Third world tech
Developing nations need business cooperation with education no less than the United States (as described in last Friday's editorial and special education section). Where the US has to keep from falling behind as a fount of ideas and technology, these other nations have to catch up. Indeed, with today's pace of technological change, it is important that they join in as much as possible right now instead of waiting, as during the past industrial revolution, to be boosted on board by others.
Yet third-world education tends to be short on technology and engineering, thus perpetuating an unfortunate cycle. Trained foreigners get many of the best jobs on local projects. Local students go abroad for training and never bring their skills back home.
Business can address the problem at both ends. Multinational and local business support can help save local jobs by bringing local education up to date - and fill local jobs by encouraging the return of students educated abroad.
The case for such a business role was strongly made by executives from the United Nations and Organization of American States at the Second World Conference on Cooperative Education, which was held at Boston's Northeastern University last year. Now Northeastern is offering an example of acting on such advocacy in its own cooperative education program.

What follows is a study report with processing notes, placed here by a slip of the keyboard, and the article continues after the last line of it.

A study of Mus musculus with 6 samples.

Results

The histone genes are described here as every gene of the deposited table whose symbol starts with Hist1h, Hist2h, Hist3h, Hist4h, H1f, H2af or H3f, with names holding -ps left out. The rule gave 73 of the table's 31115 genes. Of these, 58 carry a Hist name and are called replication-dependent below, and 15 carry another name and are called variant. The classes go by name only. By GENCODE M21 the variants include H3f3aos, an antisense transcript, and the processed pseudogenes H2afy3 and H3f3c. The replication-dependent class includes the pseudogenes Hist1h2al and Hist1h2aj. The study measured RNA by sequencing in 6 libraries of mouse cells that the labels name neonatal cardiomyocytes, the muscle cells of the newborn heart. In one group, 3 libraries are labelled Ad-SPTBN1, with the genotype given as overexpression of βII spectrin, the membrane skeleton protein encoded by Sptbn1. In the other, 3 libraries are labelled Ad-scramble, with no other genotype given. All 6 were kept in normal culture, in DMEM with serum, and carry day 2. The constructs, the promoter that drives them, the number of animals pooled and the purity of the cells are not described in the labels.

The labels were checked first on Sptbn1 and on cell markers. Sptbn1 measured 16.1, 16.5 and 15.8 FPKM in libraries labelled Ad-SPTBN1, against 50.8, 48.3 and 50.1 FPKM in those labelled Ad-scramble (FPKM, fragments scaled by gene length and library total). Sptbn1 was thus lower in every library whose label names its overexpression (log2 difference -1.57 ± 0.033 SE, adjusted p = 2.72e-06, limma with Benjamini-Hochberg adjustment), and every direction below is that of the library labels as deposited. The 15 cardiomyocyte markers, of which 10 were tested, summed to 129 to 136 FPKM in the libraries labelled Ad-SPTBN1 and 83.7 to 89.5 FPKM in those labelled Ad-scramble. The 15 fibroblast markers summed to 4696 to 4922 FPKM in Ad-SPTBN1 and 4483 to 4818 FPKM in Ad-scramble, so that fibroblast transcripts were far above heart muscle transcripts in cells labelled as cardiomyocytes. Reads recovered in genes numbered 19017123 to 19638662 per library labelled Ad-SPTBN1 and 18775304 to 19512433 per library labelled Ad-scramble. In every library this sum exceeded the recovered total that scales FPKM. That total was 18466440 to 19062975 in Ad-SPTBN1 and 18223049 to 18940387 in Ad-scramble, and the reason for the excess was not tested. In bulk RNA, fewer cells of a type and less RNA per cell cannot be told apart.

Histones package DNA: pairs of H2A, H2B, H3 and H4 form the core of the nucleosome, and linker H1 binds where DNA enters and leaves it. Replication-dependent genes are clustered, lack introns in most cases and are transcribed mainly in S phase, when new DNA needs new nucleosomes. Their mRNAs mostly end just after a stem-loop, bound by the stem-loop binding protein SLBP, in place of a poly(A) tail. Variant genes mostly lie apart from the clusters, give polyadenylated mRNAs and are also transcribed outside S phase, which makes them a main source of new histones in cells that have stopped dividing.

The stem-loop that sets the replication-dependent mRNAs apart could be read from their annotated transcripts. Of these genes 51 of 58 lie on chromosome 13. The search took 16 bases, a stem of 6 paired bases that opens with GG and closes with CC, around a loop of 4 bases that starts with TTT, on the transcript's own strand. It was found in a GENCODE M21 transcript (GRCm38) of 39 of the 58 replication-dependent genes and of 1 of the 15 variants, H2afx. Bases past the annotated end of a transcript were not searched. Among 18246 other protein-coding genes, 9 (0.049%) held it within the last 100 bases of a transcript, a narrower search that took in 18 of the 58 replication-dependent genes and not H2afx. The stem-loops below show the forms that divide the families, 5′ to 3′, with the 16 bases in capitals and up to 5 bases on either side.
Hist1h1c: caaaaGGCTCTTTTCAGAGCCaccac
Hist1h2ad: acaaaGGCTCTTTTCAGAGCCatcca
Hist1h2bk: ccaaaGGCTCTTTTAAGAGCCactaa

This program, like those at various other US institutions, has students alternate between terms of classroom study and terms of employment at cooperating companies. Foreign students by and large have spent their working terms with US firms.
This month a Northeastern administrator is traveling abroad to encourage more working terms for foreign students with multinational firms or companies in their own countries. The transportation back and forth is seen as a relatively small item in relation to the hiring commitment made by an employer. The advantages are potentially big: increasing students' knowledge and expectations about home-country employment; giv-ing them on-the-job training and a foot in the door with possible employers; giving the employers short-term workers who may meet seasonal or cyclical needs while becoming well-prepared candidates to meet long-term needs.
Here is one type of cooperation to put beside all the ways business can help - and is helping - with apprenticeships, scholarships, research subsidies, refresher courses. These are investments in human capital as important to maintain as investments in plant and equipment. If they demand new emphasis in America, how much more so in lands whose education faces even more of a challenge to keep up with technological change.